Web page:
Dog Neurological Diseases

Written by kate daniels
German shepherds are prone to degenerative myelopathy. (german shepherd image by Aleksander from

It can be frightening for you when your dog demonstrates symptoms of a neurological disease. The lack of control over his body is equally frightening for your dog. Neurological symptoms should never be taken lightly, and veterinary advice should be sought. Many neurological diseases are controlled and manageable with the proper veterinary care.


Idiopathic or primary epilepsy is characterised by repeated seizures without a known cause. Many dogs afflicted with primary epilepsy have it as a result of a mutated gene inherited from their parents. Dogs with primary epilepsy will usually begin to have seizures between the ages of 1 and 3 years. Epilepsy is considered one of the more common neurological disorders in dogs. According to Canine Epilepsy Network, it is estimated that up to 4 per cent of all dogs suffer from primary epilepsy. Some breeds seem to be more prone to develop the disease. Breeds commonly afflicted include cocker spaniel, poodle, collie, German shepherd, Irish setter, golden retriever, dachshund, Labrador retriever, Saint Bernard, miniature schnauzer and Siberian husky. Primary epilepsy is diagnosed by the process of exclusion. Seizing dogs that cannot be diagnosed with any other cause for the seizures are considered to have primary epilepsy. Primary epilepsy is not curable; it requires lifelong treatment to manage the seizures. Anti-epileptic medications such as phenobarbital, potassium bromide and diazepam are commonly used.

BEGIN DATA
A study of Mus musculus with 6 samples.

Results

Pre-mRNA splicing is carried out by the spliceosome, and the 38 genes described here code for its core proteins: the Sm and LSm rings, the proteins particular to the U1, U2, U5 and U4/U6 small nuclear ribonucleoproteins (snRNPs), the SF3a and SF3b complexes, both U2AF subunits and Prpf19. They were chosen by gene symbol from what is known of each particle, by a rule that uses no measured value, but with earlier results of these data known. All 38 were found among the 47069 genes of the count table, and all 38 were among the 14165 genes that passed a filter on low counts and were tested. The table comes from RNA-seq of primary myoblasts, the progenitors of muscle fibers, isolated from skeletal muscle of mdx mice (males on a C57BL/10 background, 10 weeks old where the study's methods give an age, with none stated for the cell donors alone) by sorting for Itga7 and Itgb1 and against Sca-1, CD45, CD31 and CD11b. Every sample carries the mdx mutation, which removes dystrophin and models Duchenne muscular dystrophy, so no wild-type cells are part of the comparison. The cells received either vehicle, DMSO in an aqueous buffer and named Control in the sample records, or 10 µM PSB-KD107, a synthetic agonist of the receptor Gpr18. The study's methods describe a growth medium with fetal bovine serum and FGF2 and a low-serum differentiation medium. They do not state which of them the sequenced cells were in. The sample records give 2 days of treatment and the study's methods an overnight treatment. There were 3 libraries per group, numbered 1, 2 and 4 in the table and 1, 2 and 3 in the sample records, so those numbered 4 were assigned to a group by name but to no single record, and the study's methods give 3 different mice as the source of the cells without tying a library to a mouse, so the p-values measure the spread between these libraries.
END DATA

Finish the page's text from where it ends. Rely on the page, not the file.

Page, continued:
Degenerative Myelopathy

Degenerative myelopathy is a progressive disease involving the spinal cord. It mainly affects the hind legs of the dog, causing a loss of coordination in that area, followed by weakness, then eventually paralysis of the hind quarters. This is due to degenerated nerve impulses within the spinal cord. The symptoms usually begin after the age of 5 years and develop slowly, commonly presenting as a difficulty in rising. This normally progresses to uncoordinated movement, sometimes more noticeable on one side. The cause of degenerative myelopathy is unknown, though a genetic connection is suspected. German shepherds in mid to old age are mostly affected. Corgis, collies and Siberian huskies are also afflicted. Degenerative myelopathy is diagnosed by the process of excluding other diseases. The disease cannot be cured and is managed by helping the dog adjust to the progressive paralysis. Canine paraplegic carts are available to help with mobility. Easy exercise, such as walking, or swimming in a heated pool, may be beneficial.

Vestibular Disease

Vestibular disease is a disorder of the body's balance (vestibular) system in the inner ear. Symptoms of vestibular disease include: lack of coordination, circling, head tilt, falling and motion sickness. Middle ear infections and brain lesions are causes of vestibular disease, although the most common cause is idiopathic, meaning there is no identifiable cause. Middle ear infections are diagnosed by culturing and treating with a course of antibiotics. Brain lesions are diagnosed by means of an MRI or CAT scan. Treatment depends upon the type of lesion and may involve surgery and possibly cancer treatments if the lesion proves malignant. Idiopathic causes usually begin suddenly and show significant improvement within 72 hours, needing no medical treatment.